Since he is on verge of making a return to the octagon, Luke Rockhold has ignited the fire again with his rants. He has been especially fuming at the UFC bonus structure, which has arguably gotten worse over the years, especially when inflation is considered.

Ahead of his UFC 278 pre-fight news conference said he is not afraid to voice these concerns.

“I’m not saying anything that’s not real,” Rockhold said. “Everything I’m saying is justified and truthful. Just because I should be in a position of power before I say this sh*t? F*ck off. I have nothing to lose. I don’t need this business. I love fighting, and I’m here to fight the best motherf*ckers, and this happens to be the place where it’s done. The company is f*cking growing, and they’re implementing other little stupid-ass bonuses – $5,000 here, $5,000 there. $50,000, man? We’ve been stuck on this motherf*cker for 20 f*cking years. I mean, back when GSP was fighting Jake (Shields), I mean, what was it? $100,000? F*cking it was growing.”

Francis Ngannou has been one of the most vocal fighters when it comes to the issue of UFC and its pay structure. But it looks like the heavyweight champion is inspired by Rockhold’s recent rant and fires off a series of tweets related to the UFC sponsorship restrictions which prevent fighters from earning a lot of money in addition to what they earn inside the cage.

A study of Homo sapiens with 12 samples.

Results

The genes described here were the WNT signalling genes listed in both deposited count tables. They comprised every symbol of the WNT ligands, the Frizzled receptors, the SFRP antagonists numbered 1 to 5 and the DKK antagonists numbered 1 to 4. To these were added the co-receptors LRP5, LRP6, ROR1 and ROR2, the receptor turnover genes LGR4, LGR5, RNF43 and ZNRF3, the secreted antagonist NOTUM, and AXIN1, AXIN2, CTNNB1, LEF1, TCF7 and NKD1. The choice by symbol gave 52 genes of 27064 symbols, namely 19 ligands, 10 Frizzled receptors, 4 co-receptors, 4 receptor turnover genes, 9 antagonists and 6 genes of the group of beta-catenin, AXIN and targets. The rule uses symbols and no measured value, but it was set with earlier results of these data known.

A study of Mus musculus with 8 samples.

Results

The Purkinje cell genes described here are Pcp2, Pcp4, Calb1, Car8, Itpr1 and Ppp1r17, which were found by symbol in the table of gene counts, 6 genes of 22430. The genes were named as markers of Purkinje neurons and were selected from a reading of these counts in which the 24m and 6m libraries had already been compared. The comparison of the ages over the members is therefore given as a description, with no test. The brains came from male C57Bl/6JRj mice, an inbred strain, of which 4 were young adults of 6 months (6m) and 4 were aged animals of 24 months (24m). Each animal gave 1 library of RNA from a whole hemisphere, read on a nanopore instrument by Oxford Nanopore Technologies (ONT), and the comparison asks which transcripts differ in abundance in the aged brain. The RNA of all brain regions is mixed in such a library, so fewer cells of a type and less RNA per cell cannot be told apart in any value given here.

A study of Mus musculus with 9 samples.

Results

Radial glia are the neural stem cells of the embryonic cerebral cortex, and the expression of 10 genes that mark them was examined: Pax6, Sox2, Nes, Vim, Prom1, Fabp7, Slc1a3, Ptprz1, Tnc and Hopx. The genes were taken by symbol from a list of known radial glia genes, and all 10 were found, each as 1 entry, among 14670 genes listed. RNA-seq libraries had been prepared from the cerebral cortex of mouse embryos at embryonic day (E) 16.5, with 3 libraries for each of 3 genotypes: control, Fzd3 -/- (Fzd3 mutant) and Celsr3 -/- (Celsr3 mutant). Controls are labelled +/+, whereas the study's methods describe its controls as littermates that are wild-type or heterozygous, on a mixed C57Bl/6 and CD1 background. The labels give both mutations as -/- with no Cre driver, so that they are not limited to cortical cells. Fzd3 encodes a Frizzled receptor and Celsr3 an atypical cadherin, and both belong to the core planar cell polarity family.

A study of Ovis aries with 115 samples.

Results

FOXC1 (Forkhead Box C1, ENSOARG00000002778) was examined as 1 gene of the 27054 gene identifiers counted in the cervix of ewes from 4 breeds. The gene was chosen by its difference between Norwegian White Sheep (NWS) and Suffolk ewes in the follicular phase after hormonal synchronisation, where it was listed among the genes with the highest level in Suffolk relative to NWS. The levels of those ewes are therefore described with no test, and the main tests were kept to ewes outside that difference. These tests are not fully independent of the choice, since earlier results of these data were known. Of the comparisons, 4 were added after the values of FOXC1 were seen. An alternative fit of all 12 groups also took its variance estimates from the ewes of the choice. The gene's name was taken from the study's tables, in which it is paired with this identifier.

Ngannou claims that fighters should be allowed to add individual sponsors on their UFC uniform, which is a similar suggestion to PFL’s current system. Before UFC's deal with Reebok in 2015, fighters were permitted to get their sponsors and wear logos and advertisements on their attire. But once the promotion’s policy related to standard uniforms became official, fighters were no longer allowed to have that additional money.

Even before the policy came into being, UFC had already instituted a sponsor tax where sponsors had to pay the promotion before reaching an agreement with the fighter. Ngannou also revealed that he was personally affected by another sponsorship restriction because UFC didn’t allow him to promote a rival brand that conflicted with the organization’s official partner.

As of now, Ngannou is in the rehabilitation process as a result of knee surgery. He is still to become a free agent by the end of the year. His priority remains to face the Gypsy King, Tyson Fury in an exhibition boxing match. But we will have to wait and see how those negotiations develop. If he agrees to return to the octagon, he might be matched up in a title unification bout.